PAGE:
An air conditioner powered by outer space and help from the sun
A team of Stanford University electrical engineers has developed a new device that could cool buildings while simultaneously generating electricity. If the prototype proves scalable, the technology could represent another possible pathway for reducing the footprint of the built environment, which accounts for almost 40 percent (PDF) of the carbon emissions of the United States alone.
Air conditioning and climate change interact in a vicious cycle: Cooling buildings thus far has relied on processes and equipment that produce significant greenhouse gas emissions — and that are projected to increase dramatically in the coming years. As the planet warms, demand for air conditioning increases, thereby driving emissions ever higher.
While the 1987 Montreal Protocol was effective in reducing emissions of chlorofluorocarbons — the inexpensive, ozone-destroying chemical refrigerants that originally underpinned air-conditioning technology — the hydrofluorocarbons (HFCs) that replaced them also contribute to global warming in their own right. Indeed, HFCs’ warming effect is 2,100 times that of carbon dioxide: They are one of the so-called super pollutants.
Meanwhile, our appetite for clean electricity continues to grow as the global population swells and more segments of the economy are electrified.
One possible solution
What to do about this conundrum? Why not address them together? In the simplest sense, that's what the device created by the Stanford scientists promises to do: the idea is to collect heat from the sun and cold from outer space at the same time — employing solar heating in tandem with a process known as radiative cooling in one integrated piece of equipment.
The solar heating element is not a new technology; it employs the same semiconductor materials in use in other rooftop solar applications. However, the researchers broke new ground in their integrated use of radiative cooling, a process by which objects shed heat by radiating infrared light.
"It is widely recognized that the sun is a perfect heat source nature offers human beings on Earth," said Zhen Chen, one of the engineers. "It is less widely recognized that nature also offers human beings outer space as a perfect heat sink."
How does radiative cooling work? Consider that human bodies are some of the objects that give off heat in the form of infrared radiation. We bundle up in the winter so as to retain that heat. The Earth’s atmosphere functions similarly to coats and hats, trapping heat like a thick blanket near the planet. A small fraction of emissions in the mid-infrared range slips through what are essentially holes in the blanket — and is jettisoned into the cold expanses of outer space. The surface temperature of the heat-emitting objects then drops below that of the surrounding air.
This phenomenon explains why frost forms on windshields overnight, for example, even when ambient temperatures haven’t reached freezing, according to the MIT Technology Review. Daytime heat from the sun typically tends to offset the cooling effect; that reality so far has hampered efforts to harness radiative cooling for beneficial applications. In an illuminating April TED talk, physicist Aaswath Raman explains the science in accessible detail.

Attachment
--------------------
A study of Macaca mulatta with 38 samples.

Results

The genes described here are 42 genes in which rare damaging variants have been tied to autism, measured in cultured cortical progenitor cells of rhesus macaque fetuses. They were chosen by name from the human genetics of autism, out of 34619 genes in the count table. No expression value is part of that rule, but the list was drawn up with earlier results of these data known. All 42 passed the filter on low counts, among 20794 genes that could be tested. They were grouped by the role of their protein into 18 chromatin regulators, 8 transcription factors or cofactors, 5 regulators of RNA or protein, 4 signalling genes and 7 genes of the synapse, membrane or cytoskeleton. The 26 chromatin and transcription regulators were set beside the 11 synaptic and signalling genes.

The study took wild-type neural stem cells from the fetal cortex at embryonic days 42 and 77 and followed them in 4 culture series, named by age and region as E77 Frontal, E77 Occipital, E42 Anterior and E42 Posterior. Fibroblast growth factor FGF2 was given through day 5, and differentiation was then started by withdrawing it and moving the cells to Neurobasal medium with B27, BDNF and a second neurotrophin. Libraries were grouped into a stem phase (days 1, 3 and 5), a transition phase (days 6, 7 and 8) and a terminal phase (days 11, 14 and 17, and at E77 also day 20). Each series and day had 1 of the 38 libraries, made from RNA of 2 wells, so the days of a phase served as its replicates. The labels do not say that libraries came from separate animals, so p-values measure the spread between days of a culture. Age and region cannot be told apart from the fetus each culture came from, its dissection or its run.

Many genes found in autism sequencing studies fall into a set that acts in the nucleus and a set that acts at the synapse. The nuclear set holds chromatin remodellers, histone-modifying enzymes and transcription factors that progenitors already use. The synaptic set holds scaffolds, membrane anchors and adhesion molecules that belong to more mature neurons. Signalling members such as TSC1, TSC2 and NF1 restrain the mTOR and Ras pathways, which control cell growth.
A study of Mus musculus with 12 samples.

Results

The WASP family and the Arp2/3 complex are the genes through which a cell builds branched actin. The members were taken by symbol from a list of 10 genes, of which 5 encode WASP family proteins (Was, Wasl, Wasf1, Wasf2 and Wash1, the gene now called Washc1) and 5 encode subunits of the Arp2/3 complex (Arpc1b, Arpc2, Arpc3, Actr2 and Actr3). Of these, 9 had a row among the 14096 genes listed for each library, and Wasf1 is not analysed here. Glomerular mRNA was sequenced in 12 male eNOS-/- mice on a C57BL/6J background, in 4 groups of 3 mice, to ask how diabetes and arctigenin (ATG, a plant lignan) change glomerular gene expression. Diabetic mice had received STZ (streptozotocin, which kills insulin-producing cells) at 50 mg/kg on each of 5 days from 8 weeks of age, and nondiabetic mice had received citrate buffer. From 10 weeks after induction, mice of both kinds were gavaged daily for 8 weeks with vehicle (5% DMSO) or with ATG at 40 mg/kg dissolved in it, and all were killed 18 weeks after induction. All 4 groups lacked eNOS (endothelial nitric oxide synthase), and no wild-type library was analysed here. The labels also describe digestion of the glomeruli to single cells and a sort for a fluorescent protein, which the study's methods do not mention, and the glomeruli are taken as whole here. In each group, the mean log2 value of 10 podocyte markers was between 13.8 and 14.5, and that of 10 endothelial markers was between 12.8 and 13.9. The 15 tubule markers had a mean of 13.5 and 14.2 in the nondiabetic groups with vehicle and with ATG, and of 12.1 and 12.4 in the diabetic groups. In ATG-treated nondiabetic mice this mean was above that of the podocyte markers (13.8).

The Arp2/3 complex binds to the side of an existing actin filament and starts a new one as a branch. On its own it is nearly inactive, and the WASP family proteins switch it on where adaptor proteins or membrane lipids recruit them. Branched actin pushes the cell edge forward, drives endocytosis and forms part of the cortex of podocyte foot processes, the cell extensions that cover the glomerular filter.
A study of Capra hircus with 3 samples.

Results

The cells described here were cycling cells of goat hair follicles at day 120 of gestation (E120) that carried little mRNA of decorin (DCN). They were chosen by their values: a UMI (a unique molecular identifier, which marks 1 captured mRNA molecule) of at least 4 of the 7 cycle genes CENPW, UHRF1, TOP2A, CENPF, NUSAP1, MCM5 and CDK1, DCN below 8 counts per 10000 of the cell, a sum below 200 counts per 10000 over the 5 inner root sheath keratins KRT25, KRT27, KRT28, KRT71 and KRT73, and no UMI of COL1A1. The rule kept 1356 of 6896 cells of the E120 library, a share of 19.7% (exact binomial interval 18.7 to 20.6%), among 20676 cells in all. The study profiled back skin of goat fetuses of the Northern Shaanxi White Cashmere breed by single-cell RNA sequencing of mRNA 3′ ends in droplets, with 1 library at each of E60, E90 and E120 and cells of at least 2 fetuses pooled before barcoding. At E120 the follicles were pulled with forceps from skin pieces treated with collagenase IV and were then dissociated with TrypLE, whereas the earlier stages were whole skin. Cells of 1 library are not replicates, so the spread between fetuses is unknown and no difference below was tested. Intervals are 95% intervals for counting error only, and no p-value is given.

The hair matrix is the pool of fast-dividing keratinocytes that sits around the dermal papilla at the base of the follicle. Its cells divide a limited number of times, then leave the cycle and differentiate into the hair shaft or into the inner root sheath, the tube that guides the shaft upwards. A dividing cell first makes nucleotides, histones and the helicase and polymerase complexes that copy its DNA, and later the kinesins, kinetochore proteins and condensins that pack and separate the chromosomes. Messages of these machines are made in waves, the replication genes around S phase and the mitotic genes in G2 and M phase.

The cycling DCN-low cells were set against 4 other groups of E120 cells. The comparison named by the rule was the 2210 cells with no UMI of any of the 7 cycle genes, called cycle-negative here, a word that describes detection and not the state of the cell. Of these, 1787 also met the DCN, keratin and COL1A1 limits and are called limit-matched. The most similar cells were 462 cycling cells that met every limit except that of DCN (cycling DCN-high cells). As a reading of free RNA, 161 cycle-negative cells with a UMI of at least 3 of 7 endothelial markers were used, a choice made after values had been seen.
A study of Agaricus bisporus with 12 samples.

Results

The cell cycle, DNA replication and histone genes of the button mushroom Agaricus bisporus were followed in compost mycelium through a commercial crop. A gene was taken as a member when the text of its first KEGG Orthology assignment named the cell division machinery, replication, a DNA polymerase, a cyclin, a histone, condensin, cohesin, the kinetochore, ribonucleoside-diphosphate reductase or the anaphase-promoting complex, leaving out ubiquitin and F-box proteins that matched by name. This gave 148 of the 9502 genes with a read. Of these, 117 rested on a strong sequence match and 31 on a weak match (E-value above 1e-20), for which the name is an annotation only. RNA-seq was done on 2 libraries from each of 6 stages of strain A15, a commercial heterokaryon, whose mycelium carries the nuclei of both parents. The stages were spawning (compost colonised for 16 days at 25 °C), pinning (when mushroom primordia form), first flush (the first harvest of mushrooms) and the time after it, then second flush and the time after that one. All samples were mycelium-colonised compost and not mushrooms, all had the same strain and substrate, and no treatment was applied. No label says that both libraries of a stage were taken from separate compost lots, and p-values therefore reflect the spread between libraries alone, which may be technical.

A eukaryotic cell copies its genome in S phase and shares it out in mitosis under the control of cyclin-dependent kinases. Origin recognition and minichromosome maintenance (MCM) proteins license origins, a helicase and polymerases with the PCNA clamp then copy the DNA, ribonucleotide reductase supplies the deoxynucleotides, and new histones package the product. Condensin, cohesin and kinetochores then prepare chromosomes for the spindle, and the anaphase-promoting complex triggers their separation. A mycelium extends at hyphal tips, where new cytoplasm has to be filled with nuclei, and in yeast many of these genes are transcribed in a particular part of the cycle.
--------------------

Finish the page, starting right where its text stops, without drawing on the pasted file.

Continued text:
That's where the new technology being tested at Stanford comes in. To mitigate those canceling effects of the daytime sun on radiative cooling, the top layer of the Stanford engineers’ device is designed to absorb solar energy. The team confirmed during testing that the device’s top layer was consistently hotter than the ambient air. Meanwhile, because the radiative cooling element of the device was engineered with silicon compounds and other materials that emit in the mid-infrared range, that bottom layer remained around 9 degrees Fahrenheit below ambient air temperatures on a sunny California roof.
"We’ve built the first device that one day could make energy and save energy, in the same place and at the same time, by controlling two very different properties of light," said Shanhui Fan, senior author of an article in Joule detailing the team’s research.
The team still has considerable work to do before their invention can be scaled up for commercial use. For instance, they were not able to test whether the device actually produced electricity, as they lacked some components that would have allowed such functionality. What's more, some materials the team used are also prohibitively costly, so they are investigating alternatives. For example, the team thinks the expensive zinc selenium window on the prototype's vacuum chamber could be replaced with a much cheaper silicon or germanium window without sacrificing performance.
The team feels confident their research demonstrates that renewable energy has even more rooftop potential than previously understood, not just for generating electricity but for thermal applications. "We’re trying to change how people view rooftops to harvest renewable energy," Chen explained. "On hot summer days, you could continuously harvest electricity, and at the same time, you could use the device to cool down your house."
Some experts expect that "any practical implications are very, very far away," but say the Stanford team has accomplished something new and important by showing that cooling technologies and solar panels don’t necessarily have to compete for finite rooftop space and actually can be complementary.
If they’re right, their research could reframe how air conditioners and cooling systems are designed, and could prompt further exploration of how solar energy can power other applications.